Gay Star News takes a look at the CNN anchor's campest moments before he announced he was gay
CNN anchor Anderson Cooper did not exactly keep his secret very well, and that's why we love him for it.

We love Anderson Cooper for many things. He’s an excellent journalist, a talented CNN anchor and now an out and proud gay man.

He’s also not a great keeper of secrets, because apparently some people might have guessed about Cooper’s sexuality long before he came out of the closet

Well Gay Star News was baffled, so we decided to do our own research in Cooper and the furore surrounding him before his announcement. And from what we found, we’re wondering why it took him so long?

So check out the seven gayest things everyone’s favorite silver fox newsreader did before coming out:

Named second most powerful gay man in America. In 2007

Some thought Out Magazine made a slight hiccup when they named Cooper the second most powerful gay man in America (behind record executive David Geffen, obviously).

The feature was about the ‘glass closet’, the concept that allows celebrities to avoid the career repercussions that come with coming out.

On the cover a man and a woman were holding face masks; one of Anderson Cooper, and the other of Jodie Foster.

Co-hosted New Year’s Eve with gay icon Kathy Griffin

For the past three years, Cooper has hosted New Year’s Eve with close friend, comedian and gay icon Kathy Griffin.

Griffin once said her demograph consisted of gays, women, and 'three straight guys', so people definitely wondered about their friendship.

Every single year Griffin has made it her plan to torture Cooper, such as heckling the crowd or stripping down to her bra behind him.

Each year the flame-haired comedian succeeds in making him sweat with fear and laugh uncontrollably.

Found a problem with pronouns

During a 2004 interview on CNN where Cooper interviewed Reverend Falwell, he seemed to find a problem with his pronouns and could have accidentally outed himself.

COOPER: But there are a lot of gay families out there, Reverend Falwell, there are a lot of gay families out there. I think there are like a million kids being raised by gay parents who say that if you want to protect families, you know, civil unions will give inheritance rights, will give Social Security, survivor benefits rights to…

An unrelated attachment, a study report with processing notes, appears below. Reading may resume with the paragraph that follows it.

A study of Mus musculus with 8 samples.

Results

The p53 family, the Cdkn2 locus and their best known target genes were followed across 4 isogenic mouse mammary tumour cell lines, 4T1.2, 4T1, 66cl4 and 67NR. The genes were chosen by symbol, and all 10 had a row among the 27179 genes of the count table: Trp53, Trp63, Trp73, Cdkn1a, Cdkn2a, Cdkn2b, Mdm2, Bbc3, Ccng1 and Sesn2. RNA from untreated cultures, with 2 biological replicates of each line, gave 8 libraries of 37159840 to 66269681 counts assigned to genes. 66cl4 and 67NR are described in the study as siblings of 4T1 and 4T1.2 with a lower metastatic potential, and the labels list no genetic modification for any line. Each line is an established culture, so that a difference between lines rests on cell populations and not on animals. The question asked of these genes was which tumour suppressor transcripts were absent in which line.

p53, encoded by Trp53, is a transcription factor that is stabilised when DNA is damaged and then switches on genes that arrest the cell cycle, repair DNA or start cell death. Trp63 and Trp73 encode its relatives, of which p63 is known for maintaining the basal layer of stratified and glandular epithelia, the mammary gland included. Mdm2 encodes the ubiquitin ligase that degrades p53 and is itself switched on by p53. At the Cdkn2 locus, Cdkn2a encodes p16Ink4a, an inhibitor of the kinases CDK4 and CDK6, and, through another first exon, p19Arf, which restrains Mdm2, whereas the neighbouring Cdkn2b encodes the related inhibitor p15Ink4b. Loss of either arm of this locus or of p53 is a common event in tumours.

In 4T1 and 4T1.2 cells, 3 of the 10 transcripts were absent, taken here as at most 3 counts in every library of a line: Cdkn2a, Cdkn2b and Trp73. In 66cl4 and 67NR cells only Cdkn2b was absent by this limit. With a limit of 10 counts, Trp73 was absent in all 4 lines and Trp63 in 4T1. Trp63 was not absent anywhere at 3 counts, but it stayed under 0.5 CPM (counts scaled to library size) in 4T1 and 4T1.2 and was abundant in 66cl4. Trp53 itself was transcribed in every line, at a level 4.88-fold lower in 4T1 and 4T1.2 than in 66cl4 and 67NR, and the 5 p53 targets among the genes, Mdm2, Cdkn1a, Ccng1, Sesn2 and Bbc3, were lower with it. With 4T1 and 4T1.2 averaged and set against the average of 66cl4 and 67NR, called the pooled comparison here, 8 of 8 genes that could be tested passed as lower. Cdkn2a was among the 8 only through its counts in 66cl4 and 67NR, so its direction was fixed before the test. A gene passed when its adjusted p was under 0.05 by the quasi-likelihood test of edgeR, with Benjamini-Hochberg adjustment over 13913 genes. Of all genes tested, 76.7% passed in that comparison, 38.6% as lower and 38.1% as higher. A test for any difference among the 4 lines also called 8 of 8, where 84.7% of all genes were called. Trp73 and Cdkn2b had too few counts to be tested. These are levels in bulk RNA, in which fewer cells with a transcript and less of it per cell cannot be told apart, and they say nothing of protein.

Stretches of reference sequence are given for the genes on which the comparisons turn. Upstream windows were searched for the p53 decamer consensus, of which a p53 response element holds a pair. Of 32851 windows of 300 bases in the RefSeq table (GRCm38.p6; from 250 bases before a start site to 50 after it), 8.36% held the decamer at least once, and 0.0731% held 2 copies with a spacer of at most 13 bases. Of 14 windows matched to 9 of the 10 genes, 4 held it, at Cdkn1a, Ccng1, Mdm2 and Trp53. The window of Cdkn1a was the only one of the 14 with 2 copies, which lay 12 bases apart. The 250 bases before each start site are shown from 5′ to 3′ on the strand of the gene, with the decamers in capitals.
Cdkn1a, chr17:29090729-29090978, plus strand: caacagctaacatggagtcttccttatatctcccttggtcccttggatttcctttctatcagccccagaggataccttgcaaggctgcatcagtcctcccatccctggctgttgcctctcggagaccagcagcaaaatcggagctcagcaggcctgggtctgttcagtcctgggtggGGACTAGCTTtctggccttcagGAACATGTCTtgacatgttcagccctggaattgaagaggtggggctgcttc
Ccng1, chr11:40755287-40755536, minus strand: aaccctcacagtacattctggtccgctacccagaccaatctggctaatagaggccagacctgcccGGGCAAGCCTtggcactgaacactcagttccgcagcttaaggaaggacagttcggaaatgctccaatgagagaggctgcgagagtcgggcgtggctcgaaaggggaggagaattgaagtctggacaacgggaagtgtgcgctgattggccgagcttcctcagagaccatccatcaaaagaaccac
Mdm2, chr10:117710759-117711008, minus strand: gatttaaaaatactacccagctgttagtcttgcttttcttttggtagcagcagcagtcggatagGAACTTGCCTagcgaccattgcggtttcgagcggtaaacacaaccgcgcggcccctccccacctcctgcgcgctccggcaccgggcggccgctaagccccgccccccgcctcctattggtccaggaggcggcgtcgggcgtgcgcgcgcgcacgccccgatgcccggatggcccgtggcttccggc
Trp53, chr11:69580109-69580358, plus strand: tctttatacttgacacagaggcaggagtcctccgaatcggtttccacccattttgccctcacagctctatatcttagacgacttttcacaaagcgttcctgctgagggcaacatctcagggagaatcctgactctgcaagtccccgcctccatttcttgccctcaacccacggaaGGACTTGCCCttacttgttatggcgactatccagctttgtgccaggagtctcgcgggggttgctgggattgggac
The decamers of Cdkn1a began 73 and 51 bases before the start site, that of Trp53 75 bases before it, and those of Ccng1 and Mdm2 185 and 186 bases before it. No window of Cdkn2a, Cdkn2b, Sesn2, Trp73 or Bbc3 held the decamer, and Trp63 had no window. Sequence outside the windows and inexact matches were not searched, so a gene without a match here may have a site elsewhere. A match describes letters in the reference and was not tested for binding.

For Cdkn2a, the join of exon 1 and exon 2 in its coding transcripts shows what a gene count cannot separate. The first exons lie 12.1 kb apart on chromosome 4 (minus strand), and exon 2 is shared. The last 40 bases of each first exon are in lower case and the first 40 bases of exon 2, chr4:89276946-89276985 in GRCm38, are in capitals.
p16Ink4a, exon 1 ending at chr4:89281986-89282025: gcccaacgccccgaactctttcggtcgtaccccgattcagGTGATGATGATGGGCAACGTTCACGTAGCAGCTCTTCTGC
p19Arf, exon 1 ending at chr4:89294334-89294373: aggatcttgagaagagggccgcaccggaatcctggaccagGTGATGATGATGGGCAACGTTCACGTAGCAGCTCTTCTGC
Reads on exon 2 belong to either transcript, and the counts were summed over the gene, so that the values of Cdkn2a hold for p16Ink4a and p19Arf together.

FALWELL: Anderson, that's all a red herring. If you want to leave something to your cat, you can do that in your will…

COOPER: It's not a red herring. That's simply not true. It's not true. You know we pay taxes

Wore fetish gear during a news segment

This video has to be seen to be believed. During a segment for ABCnews.com Cooper and a colleague celebrated ‘World Noose Day’ at a famous leather shop in New York.

Had a character in Glee named after him

Every gay’s favorite show last year, Glee,  brought in a new character played by gay actor Matt Bomer.

Currently starring in every gay’s favorite film this year Magic Mike, Bomer's character was called Cooper Anderson. Somehow we don’t think it was a coincidence.

Cracked up over the words ‘pussy willow’

Anderson Cooper knows he gets the bad case of the giggles, and sometimes he gets them on national television.

It all happened when he was talking about Dyngus Day, a Polish-American celebration marking the end of Lent. One of the traditions is girls striking boys with a pussy willow branch and that is what gave Cooper the giggle fit.

Best of all, he agreed his laughter sounded like a 13-year-old meeting Justin Bieber.

Check out the video here:

Never denied it

In any interview when Cooper was asked about his sexuality, he always said he did not discuss his personal life.

This allowed his relationships to flourish away from the preying eyes of the media, and meant he could stay safe when he was out abroad in places where it was not so safe to be gay.

In his coming out letter, he says: ‘It’s become clear to me that by remaining silent on certain aspects of my personal life for so long, I have given some the mistaken impression that I am trying to hide something—something that makes me uncomfortable, ashamed, or even afraid.

‘This is distressing because it is simply not true.’